Marcus Shelby, the composer, bandleader and bassist whose projects often intersect with politics and social issues, has been named the new artistic director of the Healdsburg Jazz Festival.
Shelby replaces festival founder Jessica Felix, who announced her retirement in early August after 22 years.
“Jessica did an incredible job building the Healdsburg Jazz Festival with first-class talent, including national and local artists,” Shelby said in a statement. “She never dumbed down the programming to get more people to come. I’m looking forward to expanding her extraordinary legacy and also develop a fresh vision that reflects my interests and strengths.”
Indeed, Felix was such a passionate supporter of jazz that, 10 years ago, when the board of directors removed her in an effort to steer the festival toward more commercial programming, the outcry from musicians and fans was so great that she was soon reinstated.
But now, the lifelong jazz fan who got her start hosting living room concerts in her East Bay home said, “it’s time to be in the audience.”
A woefully incomplete list of the artists who have performed at the festival includes Pharoah Sanders, Charlie Haden, Bobby Hutcherson, Jackie McLean, Ravi Coltrane, Kenny Burrell, Esperanza Spalding, McCoy Tyner, Jack DeJohnette, Geri Allen, Randy Weston and Billy Hart. It also served as a launch pad for Julian Lage, the famed jazz guitarist who was just a local 12-year-old when he first performed at the festival with Charles Lloyd.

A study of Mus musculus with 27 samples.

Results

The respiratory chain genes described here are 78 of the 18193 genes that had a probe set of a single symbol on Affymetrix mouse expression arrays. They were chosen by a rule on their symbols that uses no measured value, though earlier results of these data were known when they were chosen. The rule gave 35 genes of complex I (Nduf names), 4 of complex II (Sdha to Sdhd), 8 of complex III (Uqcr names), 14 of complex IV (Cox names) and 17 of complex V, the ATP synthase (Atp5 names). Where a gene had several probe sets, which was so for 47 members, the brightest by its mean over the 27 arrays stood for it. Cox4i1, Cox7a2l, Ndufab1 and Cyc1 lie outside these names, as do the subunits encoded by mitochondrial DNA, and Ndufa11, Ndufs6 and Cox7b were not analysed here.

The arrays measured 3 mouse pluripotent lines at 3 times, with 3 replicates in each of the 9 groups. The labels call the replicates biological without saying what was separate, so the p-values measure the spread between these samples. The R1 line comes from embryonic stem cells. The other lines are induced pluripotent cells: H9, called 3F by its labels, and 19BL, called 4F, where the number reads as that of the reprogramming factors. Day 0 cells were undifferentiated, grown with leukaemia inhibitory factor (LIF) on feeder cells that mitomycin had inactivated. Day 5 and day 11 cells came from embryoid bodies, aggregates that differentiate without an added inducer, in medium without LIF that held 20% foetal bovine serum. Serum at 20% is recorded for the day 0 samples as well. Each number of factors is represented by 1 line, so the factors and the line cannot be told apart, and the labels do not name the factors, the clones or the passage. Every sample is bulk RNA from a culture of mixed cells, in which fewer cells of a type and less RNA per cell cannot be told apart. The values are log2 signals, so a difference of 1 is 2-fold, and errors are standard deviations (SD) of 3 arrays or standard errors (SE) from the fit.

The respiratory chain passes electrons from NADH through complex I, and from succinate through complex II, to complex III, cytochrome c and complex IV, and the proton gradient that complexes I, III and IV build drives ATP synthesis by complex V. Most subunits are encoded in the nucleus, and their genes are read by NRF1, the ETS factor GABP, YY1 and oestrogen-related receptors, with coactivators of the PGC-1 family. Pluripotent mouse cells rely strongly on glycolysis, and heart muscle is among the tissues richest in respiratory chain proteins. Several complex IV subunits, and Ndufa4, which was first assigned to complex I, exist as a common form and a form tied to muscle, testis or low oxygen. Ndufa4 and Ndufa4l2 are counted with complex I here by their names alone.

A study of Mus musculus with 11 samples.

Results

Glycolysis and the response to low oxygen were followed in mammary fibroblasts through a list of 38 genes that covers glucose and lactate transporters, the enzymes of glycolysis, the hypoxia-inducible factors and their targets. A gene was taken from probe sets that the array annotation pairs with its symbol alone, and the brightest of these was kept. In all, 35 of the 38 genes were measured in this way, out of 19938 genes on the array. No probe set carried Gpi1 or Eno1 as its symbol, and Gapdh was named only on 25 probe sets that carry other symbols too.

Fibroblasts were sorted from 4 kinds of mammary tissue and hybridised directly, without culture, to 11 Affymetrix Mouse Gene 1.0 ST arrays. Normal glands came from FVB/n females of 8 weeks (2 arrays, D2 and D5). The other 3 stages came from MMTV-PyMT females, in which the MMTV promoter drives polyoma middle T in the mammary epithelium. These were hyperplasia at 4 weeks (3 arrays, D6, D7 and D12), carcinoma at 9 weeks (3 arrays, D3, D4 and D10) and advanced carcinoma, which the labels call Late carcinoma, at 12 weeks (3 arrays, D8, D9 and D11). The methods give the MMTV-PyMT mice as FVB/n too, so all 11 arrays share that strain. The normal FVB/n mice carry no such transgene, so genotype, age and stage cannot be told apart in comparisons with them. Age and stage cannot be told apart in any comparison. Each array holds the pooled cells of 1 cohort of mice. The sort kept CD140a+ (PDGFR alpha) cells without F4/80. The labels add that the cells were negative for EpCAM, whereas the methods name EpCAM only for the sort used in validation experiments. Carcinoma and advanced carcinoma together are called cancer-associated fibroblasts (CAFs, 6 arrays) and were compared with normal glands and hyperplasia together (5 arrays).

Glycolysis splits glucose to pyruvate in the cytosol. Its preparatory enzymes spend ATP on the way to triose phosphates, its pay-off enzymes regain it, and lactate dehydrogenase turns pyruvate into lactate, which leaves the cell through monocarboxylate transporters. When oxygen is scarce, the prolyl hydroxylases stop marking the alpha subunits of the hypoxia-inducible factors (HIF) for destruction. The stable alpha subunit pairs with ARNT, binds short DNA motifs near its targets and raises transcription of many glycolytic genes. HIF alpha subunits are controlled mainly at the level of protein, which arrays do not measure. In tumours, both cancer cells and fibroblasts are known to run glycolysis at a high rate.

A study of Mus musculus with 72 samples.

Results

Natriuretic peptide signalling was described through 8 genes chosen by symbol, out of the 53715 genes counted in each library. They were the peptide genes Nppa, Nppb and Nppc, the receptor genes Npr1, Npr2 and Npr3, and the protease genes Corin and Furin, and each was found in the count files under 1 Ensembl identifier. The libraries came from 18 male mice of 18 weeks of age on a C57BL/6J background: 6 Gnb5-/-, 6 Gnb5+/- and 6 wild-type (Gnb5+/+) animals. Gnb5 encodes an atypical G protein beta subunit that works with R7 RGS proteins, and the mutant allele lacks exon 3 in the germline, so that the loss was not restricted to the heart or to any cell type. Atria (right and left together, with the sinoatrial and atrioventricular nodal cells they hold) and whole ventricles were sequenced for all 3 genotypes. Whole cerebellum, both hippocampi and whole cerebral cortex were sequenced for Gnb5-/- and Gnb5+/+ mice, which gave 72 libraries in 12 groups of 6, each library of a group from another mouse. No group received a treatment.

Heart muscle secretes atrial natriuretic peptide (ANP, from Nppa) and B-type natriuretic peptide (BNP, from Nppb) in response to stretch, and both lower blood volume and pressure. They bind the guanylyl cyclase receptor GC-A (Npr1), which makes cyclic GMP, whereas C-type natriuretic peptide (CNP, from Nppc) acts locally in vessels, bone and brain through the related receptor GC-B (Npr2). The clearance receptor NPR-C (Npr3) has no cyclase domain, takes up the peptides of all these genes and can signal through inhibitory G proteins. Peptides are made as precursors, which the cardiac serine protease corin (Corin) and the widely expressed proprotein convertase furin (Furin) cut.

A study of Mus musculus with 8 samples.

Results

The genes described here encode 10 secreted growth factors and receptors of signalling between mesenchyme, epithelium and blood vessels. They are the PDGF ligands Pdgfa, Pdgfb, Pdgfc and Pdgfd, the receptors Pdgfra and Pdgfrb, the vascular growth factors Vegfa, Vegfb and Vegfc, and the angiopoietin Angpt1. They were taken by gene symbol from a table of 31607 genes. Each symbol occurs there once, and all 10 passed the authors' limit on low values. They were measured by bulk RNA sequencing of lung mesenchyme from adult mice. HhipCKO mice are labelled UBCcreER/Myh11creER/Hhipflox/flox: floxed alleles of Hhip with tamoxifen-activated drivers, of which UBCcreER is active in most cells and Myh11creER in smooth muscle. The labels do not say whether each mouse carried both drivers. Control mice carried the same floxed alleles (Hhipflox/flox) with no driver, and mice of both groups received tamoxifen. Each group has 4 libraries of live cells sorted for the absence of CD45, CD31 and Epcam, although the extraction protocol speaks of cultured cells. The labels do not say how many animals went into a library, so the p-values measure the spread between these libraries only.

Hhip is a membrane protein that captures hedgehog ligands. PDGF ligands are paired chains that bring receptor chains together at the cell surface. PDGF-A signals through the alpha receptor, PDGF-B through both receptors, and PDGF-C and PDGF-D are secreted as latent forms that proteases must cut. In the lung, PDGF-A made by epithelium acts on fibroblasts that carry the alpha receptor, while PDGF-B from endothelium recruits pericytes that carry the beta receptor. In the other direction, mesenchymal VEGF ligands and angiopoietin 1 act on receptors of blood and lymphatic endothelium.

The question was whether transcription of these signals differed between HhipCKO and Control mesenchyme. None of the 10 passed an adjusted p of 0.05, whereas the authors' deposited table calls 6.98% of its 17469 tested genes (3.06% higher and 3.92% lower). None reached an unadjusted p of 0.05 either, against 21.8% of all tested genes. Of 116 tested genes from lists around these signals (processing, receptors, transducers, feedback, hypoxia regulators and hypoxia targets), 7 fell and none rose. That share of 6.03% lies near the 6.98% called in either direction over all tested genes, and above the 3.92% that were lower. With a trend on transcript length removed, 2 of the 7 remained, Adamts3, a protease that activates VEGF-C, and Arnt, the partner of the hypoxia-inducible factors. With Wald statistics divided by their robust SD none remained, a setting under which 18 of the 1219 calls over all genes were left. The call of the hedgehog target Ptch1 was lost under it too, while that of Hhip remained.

It’s hard to imagine a better successor for the festival than Shelby, who has worked with Felix for the past decade, frequently performing at the festival and developing special programming for local schools and choirs as part of its education and community outreach programs.
“He’s done a lot up here already and everybody loves him,” Felix said.
Shelby is also a composer-in-residence with the Yerba Buena Gardens Festival, a longtime collaborator and one-time artist-in-residence at SFJAZZ, and a teacher at the San Francisco Community Music Center. He was appointed to the San Francisco Arts Commission in 2014, where he still serves.